In brief, I grew up on a farm in Southern Hawke’s Bay, did fairly well at rugby and cricket, joined the Army for 20 months after school, worked in my father’s contract fencing business for 2 years, went overseas in 1991, had a brilliant time, worked in loads of crappy jobs, came home to stay on boxing day 1997.
Studied Tourism at AUT, gained my diploma, found it to be not good for much. On the strength of the brochures and fliers ‘designed’ during the Tourism course and photos taken during my travels, I was accepted into the NATCOL diploma of graphic design course in 2000.
Spent 3 years working for small design firms but toward the end of this time built up my own small stable of clients until I felt comfortable enough to go it alone in January 2004.
An Abbot is the head monk of an Abbey or monastery. My Surname is Abbot. The most recognisable image of an Abbot or monk is this version with the odd shaved crown.
When I first started out on my own, I called the business Campbell Abbot Design and I used a stylised A with a halo over it as my logo mark. The halo was a nod to the Abbot aspect of my name and was also a sort of sarcastic comment on my own virtues.
I shortened the name to Abbot Design in 2010 and redesigned the mark to its present version – a stylised A and D (’Abbot Design’) including the original halo, all incorporated in a flowing signature style, reflecting the nature of my business – creating unique, personalised, hand crafted graphics etc. The monk was also developed at this time as another option which I didn’t use, but in 2013 he finally made an appearance.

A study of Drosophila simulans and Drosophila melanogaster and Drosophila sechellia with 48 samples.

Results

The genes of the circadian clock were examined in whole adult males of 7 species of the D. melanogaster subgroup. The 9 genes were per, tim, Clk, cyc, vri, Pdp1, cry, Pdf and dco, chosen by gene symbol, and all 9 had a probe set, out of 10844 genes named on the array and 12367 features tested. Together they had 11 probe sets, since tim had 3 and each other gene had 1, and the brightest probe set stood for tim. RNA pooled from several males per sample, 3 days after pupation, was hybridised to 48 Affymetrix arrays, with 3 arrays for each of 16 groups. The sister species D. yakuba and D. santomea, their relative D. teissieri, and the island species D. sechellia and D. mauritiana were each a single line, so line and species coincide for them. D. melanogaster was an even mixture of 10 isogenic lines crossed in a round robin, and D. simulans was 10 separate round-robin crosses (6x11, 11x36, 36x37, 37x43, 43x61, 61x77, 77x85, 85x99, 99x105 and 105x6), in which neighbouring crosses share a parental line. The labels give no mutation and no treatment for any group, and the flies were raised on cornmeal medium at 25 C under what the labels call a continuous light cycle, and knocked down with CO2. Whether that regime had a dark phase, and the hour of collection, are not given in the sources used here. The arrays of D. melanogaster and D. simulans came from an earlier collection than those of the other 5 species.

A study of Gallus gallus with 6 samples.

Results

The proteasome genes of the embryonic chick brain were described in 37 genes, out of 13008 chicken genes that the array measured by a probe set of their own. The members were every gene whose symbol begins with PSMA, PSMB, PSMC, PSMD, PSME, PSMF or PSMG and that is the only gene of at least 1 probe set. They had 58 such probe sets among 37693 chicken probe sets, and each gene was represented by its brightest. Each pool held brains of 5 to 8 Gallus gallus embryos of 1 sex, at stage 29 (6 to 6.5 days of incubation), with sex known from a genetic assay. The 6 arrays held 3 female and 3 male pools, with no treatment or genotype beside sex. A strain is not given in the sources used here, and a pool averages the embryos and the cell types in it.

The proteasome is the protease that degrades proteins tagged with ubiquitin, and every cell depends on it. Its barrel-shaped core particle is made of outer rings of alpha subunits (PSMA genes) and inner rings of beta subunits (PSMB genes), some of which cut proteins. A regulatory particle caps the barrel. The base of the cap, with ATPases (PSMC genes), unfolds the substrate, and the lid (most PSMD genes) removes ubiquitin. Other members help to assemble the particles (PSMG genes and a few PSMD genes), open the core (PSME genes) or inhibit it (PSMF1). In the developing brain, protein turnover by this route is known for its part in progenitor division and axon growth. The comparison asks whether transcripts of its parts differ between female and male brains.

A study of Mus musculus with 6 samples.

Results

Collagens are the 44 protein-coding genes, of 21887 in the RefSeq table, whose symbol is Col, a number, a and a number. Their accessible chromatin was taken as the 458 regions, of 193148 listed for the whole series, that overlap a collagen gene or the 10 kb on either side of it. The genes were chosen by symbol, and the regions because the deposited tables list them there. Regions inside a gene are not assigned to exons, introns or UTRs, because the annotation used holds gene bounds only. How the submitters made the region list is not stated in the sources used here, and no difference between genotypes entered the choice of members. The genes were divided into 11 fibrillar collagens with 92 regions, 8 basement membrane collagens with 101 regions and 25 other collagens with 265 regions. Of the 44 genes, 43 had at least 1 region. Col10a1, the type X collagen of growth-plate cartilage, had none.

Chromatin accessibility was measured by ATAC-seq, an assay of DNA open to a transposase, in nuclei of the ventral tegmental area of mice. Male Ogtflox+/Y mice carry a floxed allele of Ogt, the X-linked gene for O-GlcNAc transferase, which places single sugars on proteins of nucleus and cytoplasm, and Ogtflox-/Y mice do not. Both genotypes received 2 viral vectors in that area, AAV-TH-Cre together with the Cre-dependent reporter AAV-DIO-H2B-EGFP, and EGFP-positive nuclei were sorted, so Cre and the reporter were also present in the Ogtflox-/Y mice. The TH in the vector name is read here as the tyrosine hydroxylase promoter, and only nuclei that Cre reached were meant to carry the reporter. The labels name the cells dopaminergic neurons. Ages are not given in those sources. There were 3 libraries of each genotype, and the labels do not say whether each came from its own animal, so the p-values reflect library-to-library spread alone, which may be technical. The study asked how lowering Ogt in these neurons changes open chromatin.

You could say he’s my mascot, my personal representative on the page. He’ll appear whenever there is a statement to or from Abbot Design, or a request to get in touch, next to my contact details and so on.
He represents the nature and personality of the brand – caring, honest, empathetic, trustworthy, reliable…loves his beer and food, not fussed about fancy haircuts, but most definitely not a kiddie fiddler, deviant or pervert as some of his brethren might be.
He has no face as he represents the idea rather than the person. He doesn’t represent a religious viewpoint in any way (in fact I am personally not a fan of organised religion (except footy!) and not a member of anybody’s cult) and he will often be slightly irreverent in line with company policy of not taking oneself too seriously.